ClusterHQ Inc. is attacking a critical shortcoming of container technology – statelessness – with two new container data management products intended for use by application developers.
The company likens its new FlockerHub hosted data management repository to GitHub, the repository hosting service that is wildly popular with developers. A companion open-source tool called Fli lets developers snapshot, clone, push and pull data volumes to FlockerHub. The combination enables teams that employ the DevOps style of rapid application development to “seamlessly move data between laptops, test environments, data centers and clouds, all with version and access controls,” the company said.
Statelessness has been a major barrier to container, adoption, said Michael Ferranti, ClusterHQ’s vice president of marketing. “All of the core tooling is optimized for containers that don’t have to remember anything between being turned on and shut down,” he said. “If you’re running a database and the server dies, you can spin up a new container but it won’t have any of that data you were using.”
As a result, developers are forced to work with temporary extracts of production data instead of live data. That results in lost time due to bug fixing late in the development process. “We’re spending a massive amount of time and money doing continuous integration and staging,” Ferranti said. “One reason bugs make it into production is because people test with unrealistic data. With FlockerHub and Fli that should never happen.”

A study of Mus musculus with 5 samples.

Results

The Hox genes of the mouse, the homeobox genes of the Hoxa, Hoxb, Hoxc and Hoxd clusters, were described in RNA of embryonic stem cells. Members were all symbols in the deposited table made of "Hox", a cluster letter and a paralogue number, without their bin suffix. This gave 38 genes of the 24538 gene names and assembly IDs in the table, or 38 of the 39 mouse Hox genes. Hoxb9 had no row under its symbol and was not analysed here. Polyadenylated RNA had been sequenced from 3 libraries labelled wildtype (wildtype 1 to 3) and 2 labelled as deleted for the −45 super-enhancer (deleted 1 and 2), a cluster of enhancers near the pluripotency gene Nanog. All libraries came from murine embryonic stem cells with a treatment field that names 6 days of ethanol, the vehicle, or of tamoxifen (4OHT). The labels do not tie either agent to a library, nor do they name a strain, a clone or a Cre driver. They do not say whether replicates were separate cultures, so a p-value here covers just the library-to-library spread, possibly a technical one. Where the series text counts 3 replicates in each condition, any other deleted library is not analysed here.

GitHub for data
ClusterHQ describes FlockerHub as a version-control repository for Docker data volumes in the same way that GitHub is a version-control repository for source code. DevOps teams can use it to keep track of and distribute data volumes to any host.
Fli is the command line interface for FlockerHub. It enables DevOps teams to version-control Docker data volumes in the same way Git version-controls code. Fli can take incremental snapshots of any database or data volume on Linux and make them available on FlockerHub. Incremental snapshots save space and bandwidth by only capturing changes to the data, not the entire data set. Snapshots also enable developers to roll back to a previous point in time, since original data sets aren’t overwritten.
Fli can clone data multiple times without increasing storage consumption, which enables parallel testing without additional storage overhead. Fli also provides the ability to organize data into volume sets and to create branches, which are useful in managing large test libraries.
“Fli lets you make a copy of any Docker volume, create branches and only keep the ones you need,” Ferranti said. Data volumes that are pushed to Flockerhub have unique identifiers, enabling any other Fli client to access them by a unique name.
FlockerHub will launch into beta test on Nov. 8, with free access during the approximately six-month beta period. Pricing has not been set. Developers can sign up here to receive instructions on how to access their account at launch. Fli will be available as an Apache 2.0 download on Nov. 8.